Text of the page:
Psychoanalysis in My Life: An Intellectual Memoir

by Murray M. Schwartz, PhD

In lieu of an abstract, here is a brief excerpt of the content:


But I, entelechy, form of forms, am I by memory because under ever-changing forms.

—James Joyce, Ulysses

Two distincts, division none.

—Shakespeare, “The Phoenix and the Turtle”

Grief joys, joy grieves, on slender accident.

—Hamlet, III.ii.194

My “intellectual autobiography” can be imagined as two sets of three overlapping circles. The first set of circles consists of activities: teaching, academic administration, and writing. The second set consists of three intellectual preoccupations: psychoanalysis, literature, especially Shakespeare, and the Holocaust. Each set is implicated in the other, and all six circles are in motion, their interplay and interaction varying from time to time and place to place, more like Ptolemy than Copernicus.

This abstract scheme is my guide to memory. I hope that the meanings of the circles will become clearer as I tell my story.

I Beginnings

In 1942, on the Lower East Side of Manhattan, I was born into a working-class Sephardic Jewish family. I have a visceral memory of the resounding percussions of the 16” battleship guns practicing in New York harbor during the Second World War. Less than two years later, my father, a skilled carpenter and welder during the Depression, enlisted in the Navy.<…>

American Imago, 75(2): 125-152, 2018.

Link to Online Publication (fulltext can also be requested from the library).

About the Author:

Murray Schwartz has taught Shakespeare, psychoanalysis, and Holocaust literature for over fifty years. His writing spans a wide range of interdisciplinary interests and includes essays on Shakespeare’s last plays, the work of Erik Erikson, applied psychoanalysis, modern poetry, and trauma studies. He has co-edited several anthologies, including Representing Shakespeare: New Psychoanalytic Essays (1980) and Memory and Desire: Psychoanalysis, Literature, Aging (1985). He and Peggy Schwartz wrote The Dance Claimed Me: A Biography of Pearl Primus (2011). He was President of the PsyArt Foundation and edited the online journal PsyArt from 2000 to 2012. He was a Dean or Provost with various universities for twenty-five years. A Professor Emeritus at Emerson College, he is an Affiliate Scholar Member of the Boston Psychoanalytic Society and Institute, where he is Coordinator of the Center for Multi-Disciplinary Psychoanalytic Studies (COMPASS).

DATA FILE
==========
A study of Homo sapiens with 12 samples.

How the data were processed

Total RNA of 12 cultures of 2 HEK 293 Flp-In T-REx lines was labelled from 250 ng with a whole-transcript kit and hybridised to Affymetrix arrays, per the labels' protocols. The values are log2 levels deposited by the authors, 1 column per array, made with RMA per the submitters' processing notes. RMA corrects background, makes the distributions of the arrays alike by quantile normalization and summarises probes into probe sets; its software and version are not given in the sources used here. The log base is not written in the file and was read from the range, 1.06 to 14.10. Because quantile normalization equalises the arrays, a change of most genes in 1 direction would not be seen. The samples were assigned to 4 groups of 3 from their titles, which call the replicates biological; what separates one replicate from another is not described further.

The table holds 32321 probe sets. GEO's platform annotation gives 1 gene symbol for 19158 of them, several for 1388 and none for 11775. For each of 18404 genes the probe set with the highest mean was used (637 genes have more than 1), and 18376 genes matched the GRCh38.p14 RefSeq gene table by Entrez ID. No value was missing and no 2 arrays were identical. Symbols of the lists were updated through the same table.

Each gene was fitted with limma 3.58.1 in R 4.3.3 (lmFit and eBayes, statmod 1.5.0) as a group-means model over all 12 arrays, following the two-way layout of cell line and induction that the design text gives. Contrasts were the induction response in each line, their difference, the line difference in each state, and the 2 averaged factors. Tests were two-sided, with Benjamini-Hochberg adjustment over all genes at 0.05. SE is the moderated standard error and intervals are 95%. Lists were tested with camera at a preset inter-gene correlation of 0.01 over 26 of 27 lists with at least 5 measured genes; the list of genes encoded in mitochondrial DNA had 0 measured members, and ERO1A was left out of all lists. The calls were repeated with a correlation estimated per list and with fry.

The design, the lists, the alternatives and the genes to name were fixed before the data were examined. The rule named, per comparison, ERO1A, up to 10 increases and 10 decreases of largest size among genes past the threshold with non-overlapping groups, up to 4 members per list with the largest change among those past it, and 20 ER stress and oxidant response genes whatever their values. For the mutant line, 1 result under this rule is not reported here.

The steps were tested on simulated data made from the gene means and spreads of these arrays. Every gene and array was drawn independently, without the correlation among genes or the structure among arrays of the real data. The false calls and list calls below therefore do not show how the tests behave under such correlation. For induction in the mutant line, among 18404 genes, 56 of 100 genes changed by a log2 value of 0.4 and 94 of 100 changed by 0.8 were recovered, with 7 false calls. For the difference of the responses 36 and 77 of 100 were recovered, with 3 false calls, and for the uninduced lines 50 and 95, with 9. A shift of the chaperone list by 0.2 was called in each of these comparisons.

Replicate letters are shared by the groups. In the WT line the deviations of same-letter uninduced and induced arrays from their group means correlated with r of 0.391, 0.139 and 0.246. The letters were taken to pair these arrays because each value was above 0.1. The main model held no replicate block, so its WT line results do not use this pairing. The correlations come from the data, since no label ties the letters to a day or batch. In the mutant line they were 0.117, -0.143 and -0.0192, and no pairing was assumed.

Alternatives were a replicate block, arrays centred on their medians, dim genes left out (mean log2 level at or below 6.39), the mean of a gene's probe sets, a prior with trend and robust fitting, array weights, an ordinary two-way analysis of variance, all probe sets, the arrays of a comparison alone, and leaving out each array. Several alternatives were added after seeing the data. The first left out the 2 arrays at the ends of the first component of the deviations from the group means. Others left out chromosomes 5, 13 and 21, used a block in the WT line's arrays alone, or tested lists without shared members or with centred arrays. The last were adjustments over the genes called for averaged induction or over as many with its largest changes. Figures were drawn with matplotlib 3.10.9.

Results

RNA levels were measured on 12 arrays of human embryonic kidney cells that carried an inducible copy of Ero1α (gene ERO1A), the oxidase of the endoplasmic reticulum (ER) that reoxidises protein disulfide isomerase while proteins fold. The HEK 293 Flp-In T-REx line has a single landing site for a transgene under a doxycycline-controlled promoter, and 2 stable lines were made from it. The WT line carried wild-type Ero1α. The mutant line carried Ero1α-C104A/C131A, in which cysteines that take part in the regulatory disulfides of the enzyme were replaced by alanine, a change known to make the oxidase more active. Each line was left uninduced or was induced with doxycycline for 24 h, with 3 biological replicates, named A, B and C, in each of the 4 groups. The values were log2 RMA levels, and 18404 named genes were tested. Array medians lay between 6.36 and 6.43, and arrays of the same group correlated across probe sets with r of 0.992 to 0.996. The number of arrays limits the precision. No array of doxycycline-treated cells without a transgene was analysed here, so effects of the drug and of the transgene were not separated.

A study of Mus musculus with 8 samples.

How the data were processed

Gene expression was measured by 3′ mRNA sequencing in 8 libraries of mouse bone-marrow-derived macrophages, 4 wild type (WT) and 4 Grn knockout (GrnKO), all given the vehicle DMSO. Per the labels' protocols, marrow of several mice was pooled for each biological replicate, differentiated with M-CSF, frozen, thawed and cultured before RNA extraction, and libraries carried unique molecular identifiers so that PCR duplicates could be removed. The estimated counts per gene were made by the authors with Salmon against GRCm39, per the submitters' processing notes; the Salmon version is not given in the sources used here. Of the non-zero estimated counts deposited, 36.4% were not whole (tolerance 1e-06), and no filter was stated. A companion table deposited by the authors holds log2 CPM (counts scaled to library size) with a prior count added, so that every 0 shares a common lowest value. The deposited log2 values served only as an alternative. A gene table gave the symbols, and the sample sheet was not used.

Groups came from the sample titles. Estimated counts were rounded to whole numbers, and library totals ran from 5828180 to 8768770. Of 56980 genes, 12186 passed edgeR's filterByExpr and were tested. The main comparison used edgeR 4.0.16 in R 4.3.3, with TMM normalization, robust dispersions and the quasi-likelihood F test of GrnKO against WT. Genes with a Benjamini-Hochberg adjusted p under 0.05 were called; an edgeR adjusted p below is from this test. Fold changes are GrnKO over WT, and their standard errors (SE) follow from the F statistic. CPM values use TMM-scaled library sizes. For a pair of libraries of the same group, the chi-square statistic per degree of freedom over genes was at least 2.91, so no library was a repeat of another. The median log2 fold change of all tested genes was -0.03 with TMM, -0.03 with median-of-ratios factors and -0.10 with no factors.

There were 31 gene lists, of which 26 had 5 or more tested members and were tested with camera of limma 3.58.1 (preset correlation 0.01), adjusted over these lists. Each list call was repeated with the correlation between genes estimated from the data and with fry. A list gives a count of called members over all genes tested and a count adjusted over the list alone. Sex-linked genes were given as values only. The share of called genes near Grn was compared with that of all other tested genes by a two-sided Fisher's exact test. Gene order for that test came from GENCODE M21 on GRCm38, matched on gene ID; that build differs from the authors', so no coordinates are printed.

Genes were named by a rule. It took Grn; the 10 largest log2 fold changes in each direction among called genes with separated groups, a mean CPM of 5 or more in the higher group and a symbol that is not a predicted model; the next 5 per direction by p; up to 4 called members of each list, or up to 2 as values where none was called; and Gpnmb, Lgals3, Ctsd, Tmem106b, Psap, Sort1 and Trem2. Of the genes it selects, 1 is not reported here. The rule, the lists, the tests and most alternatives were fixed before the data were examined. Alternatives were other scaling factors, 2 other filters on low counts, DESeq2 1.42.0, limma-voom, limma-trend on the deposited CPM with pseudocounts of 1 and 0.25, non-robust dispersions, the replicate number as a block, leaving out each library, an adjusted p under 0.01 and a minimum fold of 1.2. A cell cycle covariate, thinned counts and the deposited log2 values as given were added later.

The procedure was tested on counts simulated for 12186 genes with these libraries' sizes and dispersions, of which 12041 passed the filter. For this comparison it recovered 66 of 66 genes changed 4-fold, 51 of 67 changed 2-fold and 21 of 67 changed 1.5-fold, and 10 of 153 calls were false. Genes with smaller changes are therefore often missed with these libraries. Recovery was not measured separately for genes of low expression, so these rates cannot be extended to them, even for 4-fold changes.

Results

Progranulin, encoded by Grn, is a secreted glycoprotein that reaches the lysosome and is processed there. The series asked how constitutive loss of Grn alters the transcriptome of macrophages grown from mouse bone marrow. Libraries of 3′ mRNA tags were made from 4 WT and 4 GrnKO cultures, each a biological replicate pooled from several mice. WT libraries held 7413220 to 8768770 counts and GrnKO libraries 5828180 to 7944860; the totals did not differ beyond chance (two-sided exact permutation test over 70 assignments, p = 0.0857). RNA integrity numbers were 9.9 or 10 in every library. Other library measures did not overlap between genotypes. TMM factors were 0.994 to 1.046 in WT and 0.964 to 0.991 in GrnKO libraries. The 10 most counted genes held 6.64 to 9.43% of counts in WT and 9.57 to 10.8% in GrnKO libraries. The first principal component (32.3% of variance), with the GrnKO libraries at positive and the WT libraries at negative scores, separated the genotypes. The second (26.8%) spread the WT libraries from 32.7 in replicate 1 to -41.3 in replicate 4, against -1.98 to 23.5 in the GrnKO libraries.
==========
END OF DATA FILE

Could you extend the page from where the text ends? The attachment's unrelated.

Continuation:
Previous Posts:

Rodrigo Barahona, PsyaD (2018). Book Review of “Psychoanalytic Technique: Contributions from Ego Psychology” (Técnica Psicoanalítica: Aportaciones de la Psicología del Yo) By Cecilio Paniagua. Madrid: Editorial Tébar Flores, 2014. 426 pp. Psychoanalytic Quarterly, 87(2): 369-379.

Michael Robbins, MD (2018). The Primary Process: Freud’s Profound Yet Neglected Contribution to the Psychology of Consciousness. Psychoanalytic Inquiry, 38(3):186-197.

Mark Schechter, MD; Benjamin Herbstman, MD; Elsa Ronningstam, PhD; Mark Goldblatt, MD. (2018). Emerging Adults, Identity Development, and Suicidality: Implications for Psychoanalytic Psychotherapy. Psychoanalytic Study of the Child, 71:20-39, 2018.

Anton O. Kris, MD (2018). “Love’s Not Time’s Fool”: Some Continuities, Discontinuities, and Alterations in Psychoanalysis During My Lifetime. Psychoanalytic Study of the Child, 71:123-129, 2018.

Andrea Celenza, PhD (2017). Lessons On or About the Couch: What Sexual Boundary Transgressions Can Teach Us About Everyday Practice. Psychoanalytic Psychology, 34(2), 157-162.

Judy L. Kantrowitz, PhD (2017). Reflections on Mortality: A Patient Faces Death. Journal of the American Psychoanalytic Association, 65(4):673-686.

Ellen Pinsky, PsyD (2018). Mortality, Integrity, and Psychoanalysis (Who Are You to Me? Who Am I to You?). In Flirting with Death: Psychoanalysts Consider Mortality, edited by Corinne Masur. London and New York, Routledge, 2018, Chapter 8, p. 141-157.

Cordelia Schmidt-Hellerau, PhD (2018). La résolution par l’intégration: Une invitation à reconsidérer la théorie des pulsions (Resolution by Integration: An Invitation to Reconsider Drive Theory and a discussion with Michel Ody). Revue française de psychanalyse, 82/1: 179-197.

Alfred Margulies, MD (2018). Illusionment and Disillusionment: Foundational Illusions and the Loss of a World. Journal of the American Psychoanalytic Association, 66/2: 289–303.

Nancy J. Chodorow, PhD (2018). Love, Respect, and Being Centered Upon: Loewald’s Image of Development in Childhood and the Consulting RoomThe Psychoanalytic Study of the Child, 71/1: 224-233.

Click here to see a full archive of featured papers. All articles can be requested from the library.